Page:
DOJ Launch Adult restorative strategy consultation - have your say and pave the way

Community Restorative Justice Ireland alongside Northern Ireland Alternatives, the Public Prosecution Service Northern Ireland, Probation Board for Northern Ireland, Victim Support Northern Ireland, Northern Ireland Prison Service and the Police Service Northern Ireland, worked together collaboratively with the Department of Justice (DOJ) to shape the Adult Restorative Justice Strategy Consultation Document.

The DOJ are promoting the consultation and are openly inviting individuals to respond to the document before the closing date on Friday 11thSeptember 2020.

If you would like more information on this or would like to download an attachment of the document, it is available at:

Alternatively, for further details you can contact: 028 90 524745 or email:

CRJI encourage members of the public and community organisations to provide their feedback on the DOJ’s proposals around the future implementation of restorative practices within the criminal justice system. It is important that people have their say as this will help shape the structure of restorative justice within the landscape of the justice setting. This is an exciting and promising time. There has been significant progress in the field of restorative justice within the CJS in Ireland, although this has primarily been in the youth sector. We have seen the benefits of this work, which has been evidenced by the diversionary and reintegrative outcomes, the cost effectiveness, victim satisfaction and so forth. As a result restorative practices is becoming more widely recognised as an effective means to support change and address offending behaviours. This document explores how restorative practices can be further embedded in the adult justice system, from early intervention right through to custody and reintegration. Recommending the wider availability and use of restorative practices to ensure a victim centred and offender focussed approach, which should improve outcomes for every individual affected by offending behaviour.

CRJI have been long standing advocates in the use of restorative practices and were delighted to take part in this consultation process, we urge others to share their opinion too. We welcome a cohesive and strategic approach that formally integrates restorative practice into the justice system, following in the footsteps of other countries such as New Zealand.

We are not alone in our wish to make restorative practices more widely available, following Sir John Gillen’s review and recommendations last year in ‘Report into the law and procedures in serious sexual offences in Northern Ireland’ he outlined in point 15 in his key recommendations that “Alternative mechanisms, including an entirely victim-led concept of restorative practice, should be considered both inside the criminal justice system and parallel to it” and advised in Chapter 17 point 243, that “the Department of Justice should give serious consideration to providing State funding for a scheme of accredited practitioners to operate a system of restorative justice at any stage in the criminal justice process dealing with serious sexual offences where the offender has admitted their guilt, the victim has requested the scheme be invoked and the perpetrator has agreed to be involved. The scheme must be victim led”.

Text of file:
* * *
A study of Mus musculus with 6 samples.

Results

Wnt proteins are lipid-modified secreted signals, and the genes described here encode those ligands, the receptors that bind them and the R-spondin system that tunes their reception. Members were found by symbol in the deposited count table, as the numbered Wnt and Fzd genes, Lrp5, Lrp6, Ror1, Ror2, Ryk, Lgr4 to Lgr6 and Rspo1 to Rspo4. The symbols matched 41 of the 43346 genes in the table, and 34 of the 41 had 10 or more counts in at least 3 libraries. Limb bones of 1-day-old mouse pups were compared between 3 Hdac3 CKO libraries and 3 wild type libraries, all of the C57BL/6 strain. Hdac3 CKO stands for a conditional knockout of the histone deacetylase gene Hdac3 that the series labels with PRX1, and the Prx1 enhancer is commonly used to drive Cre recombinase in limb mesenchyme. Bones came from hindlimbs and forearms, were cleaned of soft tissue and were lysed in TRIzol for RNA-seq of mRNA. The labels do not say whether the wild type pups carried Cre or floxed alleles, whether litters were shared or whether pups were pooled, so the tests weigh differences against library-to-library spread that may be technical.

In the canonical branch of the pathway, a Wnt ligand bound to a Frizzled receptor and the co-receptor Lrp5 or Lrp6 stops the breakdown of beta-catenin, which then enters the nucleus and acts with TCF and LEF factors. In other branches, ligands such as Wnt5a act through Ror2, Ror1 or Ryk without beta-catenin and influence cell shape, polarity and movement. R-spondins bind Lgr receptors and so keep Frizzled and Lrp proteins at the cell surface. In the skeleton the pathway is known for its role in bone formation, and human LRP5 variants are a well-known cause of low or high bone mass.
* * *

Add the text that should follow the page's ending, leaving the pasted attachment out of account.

The 2016 Fresh Start Report highlighted how accredited community based restorative justice schemes, currently operate within a limited funding environment and “could usefully be extended to become a more mainstream part of the justice system”, recognising that such restorative justice initiatives “are an important part of both building confidence in the justice system and delivering better outcomes for communities, including lower levels of recidivism” and should be continued and where feasible with their scope enhanced and broadened.

In addition, the DOJ’s ‘Making a difference to victims and witnesses of crime, Improving access to justice, services and support, ‘A five-year strategy’, outlined the need to increase “opportunities for victims to take part in restorative interventions”.

Justice Minister Naomi Long has previously commented “The use of restorative justice provides an opportunity to focus on repairing harm and minimising the impact of offending on victims as well as finding positive ways of dealing with children, young people and adults. In recent years this has increased significantly and there is now a real need for an adult restorative justice strategy. This will place victims front and centre and develop appropriate structures and opportunities to allow them to be involved, whether directly or indirectly, in the justice system and in decisions that affect them. The strategy would also engage and challenge offenders on their actions and help improve outcomes for all those affected by offending behaviour, whether victims, offenders, families or communities.”

In March of this year we were thrilled to launch the STARS Project, (Striving To Achieve a Restorative Society) in partnership with NIA. This project sets out to increase awareness and understanding of restorative justice / restorative practice and ensure the accessibility to restorative training, to individuals working within the local communities. We suggest that participants in this programme get involved in this public consultation and have your say to pave the way.